Viv, the digital personal assistant from the creators of Siri, debuted today at the TechCrunch Disrupt conference. It’s slated to be the next level of A.I. that will “enable everyone to talk to everything.” If today’s public demo is any sign, it will be all that and more.
“We’ve got a new technology that we’ve been working on patenting, and it’s a computer science breakthrough called Dynamic Program Generation,” Dag Kittlaus, co-founder and CEO of Viv, said at the conference. It’s a program that can literally write itself in real time, and it’s going to create a marketplace based around “conversational commerce” — which can be viewed either as an simple and convenient time-saver or the end of the world as we know it (in a good way, we hope).
In the demonstration, Kittlaus showed how Viv can dissect and interpret a query input someone says to the software and then program itself to respond appropriately. He asked Viv: “Will it be warmer than 70 degrees near the Golden Gate Bridge after 5 p.m. the day after tomorrow?”
It’s the type of complex question that would send Siri into a downward spiral of confusion. Viv had no problem taking the query apart and finding the answer by creating a unique 44-step program.
“This is a dynamic program that in 10 milliseconds writes itself, creates an execution program that ties the services that you need, generates the dialogue, generates the layouts, does everything that happens after the intent,” Kittlaus said.
Kittlaus wrote that “Siri Is Only The Beginning” in 2012 when he left Apple. Today, along with Viv co-founders Adam Cheyer and Chris Brigham, Kittlaus showed, in real context, just how far beyond the iPhone voice assistant the team has gone.
Kittlaus laid out four key items of how Viv is going to change people’s lives when it is released sometime near the end of 2016.
First, Viv is one assistant. You don’t want to have to look and think about which service providers you have to be using and then remember all the different commands. “If you think app overload is a big deal today, wait until you’re looking at a hands-free device that has 800 bots and trying to ask this thing something,” Kittlaus said. “That doesn’t scale.”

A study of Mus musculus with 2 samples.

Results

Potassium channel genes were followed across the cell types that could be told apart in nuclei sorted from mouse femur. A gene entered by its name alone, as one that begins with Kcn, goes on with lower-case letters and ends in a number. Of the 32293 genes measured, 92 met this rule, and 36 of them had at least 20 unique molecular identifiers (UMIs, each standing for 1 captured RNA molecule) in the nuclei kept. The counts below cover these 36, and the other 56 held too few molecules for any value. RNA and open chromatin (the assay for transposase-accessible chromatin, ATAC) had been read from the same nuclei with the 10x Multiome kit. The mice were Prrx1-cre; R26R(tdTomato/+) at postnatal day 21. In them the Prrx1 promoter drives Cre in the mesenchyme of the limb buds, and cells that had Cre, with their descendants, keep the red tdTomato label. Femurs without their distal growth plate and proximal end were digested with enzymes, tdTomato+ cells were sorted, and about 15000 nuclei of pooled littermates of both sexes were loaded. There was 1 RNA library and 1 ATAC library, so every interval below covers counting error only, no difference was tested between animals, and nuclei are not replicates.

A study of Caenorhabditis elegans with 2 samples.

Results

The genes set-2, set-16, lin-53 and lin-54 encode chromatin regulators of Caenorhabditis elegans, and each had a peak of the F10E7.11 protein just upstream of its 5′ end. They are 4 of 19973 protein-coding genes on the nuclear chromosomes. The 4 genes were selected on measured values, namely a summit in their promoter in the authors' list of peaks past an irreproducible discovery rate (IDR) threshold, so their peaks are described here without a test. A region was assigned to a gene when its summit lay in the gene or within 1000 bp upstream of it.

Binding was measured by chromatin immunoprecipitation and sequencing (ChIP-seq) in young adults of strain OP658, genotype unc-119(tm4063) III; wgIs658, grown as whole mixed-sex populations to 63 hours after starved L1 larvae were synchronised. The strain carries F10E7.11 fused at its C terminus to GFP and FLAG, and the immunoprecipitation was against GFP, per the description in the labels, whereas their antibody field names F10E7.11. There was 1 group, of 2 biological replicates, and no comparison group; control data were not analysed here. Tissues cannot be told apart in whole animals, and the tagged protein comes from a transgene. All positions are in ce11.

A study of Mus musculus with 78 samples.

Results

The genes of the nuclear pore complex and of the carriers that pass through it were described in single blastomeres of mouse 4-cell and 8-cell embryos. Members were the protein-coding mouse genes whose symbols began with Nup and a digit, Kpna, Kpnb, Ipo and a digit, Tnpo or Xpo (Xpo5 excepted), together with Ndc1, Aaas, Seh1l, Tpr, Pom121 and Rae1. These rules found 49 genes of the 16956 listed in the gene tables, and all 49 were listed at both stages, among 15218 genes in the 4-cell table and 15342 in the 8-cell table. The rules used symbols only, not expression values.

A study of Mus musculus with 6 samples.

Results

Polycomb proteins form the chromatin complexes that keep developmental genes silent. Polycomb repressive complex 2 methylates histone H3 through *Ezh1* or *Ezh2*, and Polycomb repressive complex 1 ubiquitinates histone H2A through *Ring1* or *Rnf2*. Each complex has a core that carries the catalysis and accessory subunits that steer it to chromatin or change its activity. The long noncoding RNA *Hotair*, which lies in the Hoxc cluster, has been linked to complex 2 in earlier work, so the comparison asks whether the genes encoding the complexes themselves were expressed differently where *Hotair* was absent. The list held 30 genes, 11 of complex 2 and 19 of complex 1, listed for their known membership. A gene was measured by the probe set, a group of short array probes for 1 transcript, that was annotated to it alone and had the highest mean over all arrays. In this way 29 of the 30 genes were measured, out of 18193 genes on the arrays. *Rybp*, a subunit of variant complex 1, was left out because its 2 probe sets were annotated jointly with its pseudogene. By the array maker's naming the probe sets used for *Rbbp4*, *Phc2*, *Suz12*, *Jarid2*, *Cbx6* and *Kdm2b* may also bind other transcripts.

Viv will also be personalized for your preferences, available on any device, and powered on every service. Viv aims to be the perfect “third-party ecosystem” that isn’t tied to any one server.
While knowing the weather on obscure days and times can be useful, the initial Viv development is focused on “conversational commerce.” Read: It’s about to get a whole lot easier to buy things.
Kittlaus sent Cheyer some money on Venmo for “drinks last night,” sent flowers to his mom from Pro Flowers, booked a room in Palm Springs from hotels.com, and ordered (then canceled) a ride from Uber.
“We just did four transactions in about two minutes by talking,” Kittlaus said, and this is “just the beginning of conversational commerce.”
There was a delayed pause from the audience after Kittlaus asked if it was exciting to see a hotel booking as simple as one brokered through Viv. Possibly because this type of hyper-aware, code-writing A.I. is what Elon Musk, Stephen Hawking, and others have been trying to warn us about since last July.
But A.I. is doubtlessly going to be the technology that drives the future. Whether it’s in a smartphone, an autonomous car, or a smart home, people will have to get used to software becoming increasingly able bodied. For consumers, Kittlaus says, Viv is the next “intelligent interface for everything.” For developers, it’s the “next great marketplace.”
“In the next five years or so, there’s going to be a new icon that is going to be very recognizable, and that’s going to be this one,” Kittlaus said onstage in front of a projected Viv backdrop. “Because when you see this … that means you can talk to that thing, and that is going to be the end result and the power of Viv over time.”